This comes a few weeks after the World Bank expressed similar concerns over the revisions.
Tanzania’s lawmakers passed amendments that criminalise publication of figures that haven’t been approved by the National Bureau of Statistics (NBS) or other official bodies in September, this year, changes the World Bank said were “out of line with international standards.”
The amendments also impose fines or a minimum three-year jail term on anyone found guilty of questioning official figures.
The law also prohibits individuals and institutions which conduct surveys, opinion polls and other forms of research from disseminating their findings for public consumption without prior approval of the NBS.
The Miscellaneous Amendments Act No.3, 2018 directs that any persons collecting and disseminating data must seek prior NBS approval before their dissemination.
“We are awaiting further information from the authorities about the implication of the amendments and any regulations that may be issued to operationalise them,” IMF Resident Representative Bhaswar Mukhopadhyay said in an emailed response to questions.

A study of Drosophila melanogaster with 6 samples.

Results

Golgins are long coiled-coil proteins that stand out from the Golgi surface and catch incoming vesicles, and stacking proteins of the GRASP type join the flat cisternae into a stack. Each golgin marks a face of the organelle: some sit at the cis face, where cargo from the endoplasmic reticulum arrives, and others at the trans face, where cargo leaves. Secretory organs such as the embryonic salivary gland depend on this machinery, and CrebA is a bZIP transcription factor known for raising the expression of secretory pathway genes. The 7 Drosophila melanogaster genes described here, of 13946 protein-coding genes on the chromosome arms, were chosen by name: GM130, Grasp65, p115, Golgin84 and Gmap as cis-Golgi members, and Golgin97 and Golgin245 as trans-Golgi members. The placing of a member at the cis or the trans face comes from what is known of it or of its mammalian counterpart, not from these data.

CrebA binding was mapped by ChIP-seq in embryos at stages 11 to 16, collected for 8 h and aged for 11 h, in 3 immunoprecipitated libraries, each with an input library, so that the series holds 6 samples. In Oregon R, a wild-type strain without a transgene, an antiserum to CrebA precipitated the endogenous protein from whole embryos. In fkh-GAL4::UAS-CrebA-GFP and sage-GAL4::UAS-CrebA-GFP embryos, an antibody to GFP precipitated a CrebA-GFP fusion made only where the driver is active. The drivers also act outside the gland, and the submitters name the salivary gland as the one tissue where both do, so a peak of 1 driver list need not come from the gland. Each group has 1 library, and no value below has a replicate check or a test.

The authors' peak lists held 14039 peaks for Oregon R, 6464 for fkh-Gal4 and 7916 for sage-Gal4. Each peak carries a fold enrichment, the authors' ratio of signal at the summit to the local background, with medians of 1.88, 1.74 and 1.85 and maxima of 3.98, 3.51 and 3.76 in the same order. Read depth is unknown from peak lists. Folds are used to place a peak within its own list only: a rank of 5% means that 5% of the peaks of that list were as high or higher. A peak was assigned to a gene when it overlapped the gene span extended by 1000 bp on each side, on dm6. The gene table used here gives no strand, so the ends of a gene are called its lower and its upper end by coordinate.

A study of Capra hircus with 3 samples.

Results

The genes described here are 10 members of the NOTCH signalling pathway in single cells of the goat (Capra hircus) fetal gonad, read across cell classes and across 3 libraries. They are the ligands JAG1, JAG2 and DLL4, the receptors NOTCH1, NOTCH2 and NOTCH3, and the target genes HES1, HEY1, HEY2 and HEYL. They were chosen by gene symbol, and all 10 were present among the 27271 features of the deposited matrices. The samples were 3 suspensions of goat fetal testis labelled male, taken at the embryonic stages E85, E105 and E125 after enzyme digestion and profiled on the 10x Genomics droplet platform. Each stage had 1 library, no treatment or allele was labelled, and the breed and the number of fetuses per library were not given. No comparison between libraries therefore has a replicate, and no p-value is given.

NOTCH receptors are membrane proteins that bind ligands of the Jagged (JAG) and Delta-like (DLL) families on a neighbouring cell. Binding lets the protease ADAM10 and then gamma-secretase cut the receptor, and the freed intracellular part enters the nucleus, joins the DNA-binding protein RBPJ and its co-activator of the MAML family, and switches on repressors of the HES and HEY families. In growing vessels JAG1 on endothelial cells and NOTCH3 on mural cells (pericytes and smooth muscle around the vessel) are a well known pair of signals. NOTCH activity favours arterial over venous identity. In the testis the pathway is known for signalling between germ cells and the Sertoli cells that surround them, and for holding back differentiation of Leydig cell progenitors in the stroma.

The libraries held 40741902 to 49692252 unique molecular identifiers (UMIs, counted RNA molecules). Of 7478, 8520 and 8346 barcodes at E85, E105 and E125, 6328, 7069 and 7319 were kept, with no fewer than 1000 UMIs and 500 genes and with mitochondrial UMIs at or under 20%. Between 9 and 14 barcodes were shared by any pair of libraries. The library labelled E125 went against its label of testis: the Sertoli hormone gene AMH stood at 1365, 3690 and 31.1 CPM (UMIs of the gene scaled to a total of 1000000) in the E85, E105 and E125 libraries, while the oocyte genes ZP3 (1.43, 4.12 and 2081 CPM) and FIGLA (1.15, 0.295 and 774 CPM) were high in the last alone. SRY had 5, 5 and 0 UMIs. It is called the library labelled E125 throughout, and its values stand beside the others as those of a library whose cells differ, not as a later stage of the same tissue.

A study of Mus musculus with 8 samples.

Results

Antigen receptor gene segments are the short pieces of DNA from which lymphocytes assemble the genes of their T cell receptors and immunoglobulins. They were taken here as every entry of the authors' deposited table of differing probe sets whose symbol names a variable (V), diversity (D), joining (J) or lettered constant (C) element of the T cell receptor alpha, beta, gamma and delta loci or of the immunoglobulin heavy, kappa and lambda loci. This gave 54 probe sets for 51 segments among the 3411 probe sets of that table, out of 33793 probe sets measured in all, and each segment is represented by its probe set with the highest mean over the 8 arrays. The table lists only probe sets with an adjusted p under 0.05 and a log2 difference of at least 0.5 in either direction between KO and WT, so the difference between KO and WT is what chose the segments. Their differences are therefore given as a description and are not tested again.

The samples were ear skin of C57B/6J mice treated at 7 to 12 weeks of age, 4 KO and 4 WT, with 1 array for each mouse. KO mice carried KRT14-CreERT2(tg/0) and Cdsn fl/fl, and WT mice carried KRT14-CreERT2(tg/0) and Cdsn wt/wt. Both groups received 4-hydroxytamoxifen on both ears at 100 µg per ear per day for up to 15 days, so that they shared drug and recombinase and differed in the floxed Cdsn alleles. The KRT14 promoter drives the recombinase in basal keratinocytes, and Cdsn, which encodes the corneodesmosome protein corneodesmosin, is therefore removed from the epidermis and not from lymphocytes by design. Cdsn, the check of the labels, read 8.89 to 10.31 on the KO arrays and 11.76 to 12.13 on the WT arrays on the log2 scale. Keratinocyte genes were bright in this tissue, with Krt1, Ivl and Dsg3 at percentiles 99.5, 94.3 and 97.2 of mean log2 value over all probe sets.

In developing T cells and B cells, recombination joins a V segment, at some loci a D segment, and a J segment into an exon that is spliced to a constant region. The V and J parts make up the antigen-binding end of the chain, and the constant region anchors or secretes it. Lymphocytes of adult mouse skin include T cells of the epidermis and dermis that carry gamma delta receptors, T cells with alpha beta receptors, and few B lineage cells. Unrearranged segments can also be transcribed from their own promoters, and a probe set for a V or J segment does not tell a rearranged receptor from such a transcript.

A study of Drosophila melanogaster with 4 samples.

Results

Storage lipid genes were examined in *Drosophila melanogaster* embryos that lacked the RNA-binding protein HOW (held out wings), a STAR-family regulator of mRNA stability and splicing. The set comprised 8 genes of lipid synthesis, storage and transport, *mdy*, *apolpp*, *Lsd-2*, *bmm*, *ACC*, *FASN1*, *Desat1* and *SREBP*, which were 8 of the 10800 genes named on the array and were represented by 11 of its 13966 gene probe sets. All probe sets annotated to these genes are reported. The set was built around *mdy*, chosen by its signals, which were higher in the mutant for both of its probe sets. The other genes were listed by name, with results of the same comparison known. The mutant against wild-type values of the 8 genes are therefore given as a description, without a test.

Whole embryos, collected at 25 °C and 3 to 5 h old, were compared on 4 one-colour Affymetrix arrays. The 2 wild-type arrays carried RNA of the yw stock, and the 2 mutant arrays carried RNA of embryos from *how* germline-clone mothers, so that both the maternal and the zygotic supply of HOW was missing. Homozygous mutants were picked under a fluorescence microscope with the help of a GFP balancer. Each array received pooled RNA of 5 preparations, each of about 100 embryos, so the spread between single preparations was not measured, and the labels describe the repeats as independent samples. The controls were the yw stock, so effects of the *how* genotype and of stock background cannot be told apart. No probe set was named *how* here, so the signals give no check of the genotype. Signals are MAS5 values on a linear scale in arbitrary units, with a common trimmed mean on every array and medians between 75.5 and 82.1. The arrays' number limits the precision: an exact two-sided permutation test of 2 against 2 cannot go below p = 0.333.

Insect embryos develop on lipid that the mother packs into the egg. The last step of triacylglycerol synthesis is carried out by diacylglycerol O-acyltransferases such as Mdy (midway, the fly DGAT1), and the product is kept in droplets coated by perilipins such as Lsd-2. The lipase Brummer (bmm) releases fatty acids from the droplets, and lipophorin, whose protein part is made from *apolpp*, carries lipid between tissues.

A local newspaper earlier this month reported that the World Bank had frozen disbursement of a $50 million grant to Tanzania because of the statistics law amendments.
Rights activists had warned that passage of the law, which is yet to receive presidential approval, was part of a broader government crackdown on dissent and criticism of its political and economic records.
Kigoma Urban MP Zitto Kabwe (ACT-Wazalendo) said in parliament this year that the proposed amendments would curtail the statistical freedom enjoyed by various institutions in the country, including totally prohibiting independent data interpretation.
“It is unfit for the growth of professional research development,” the lawmaker noted, saying the move indicated that if the government was not satisfied with research findings by an individual or institution then almost automatically NBS would not approve dissemination of the findings.
IMF officials will conduct an Article IV-related mission to Tanzania at the end of next month, Mukhopadhyay said.
In its last review, the lender said that while the country had a relatively strong macroeconomic performance, implementation of structural reforms had been uneven.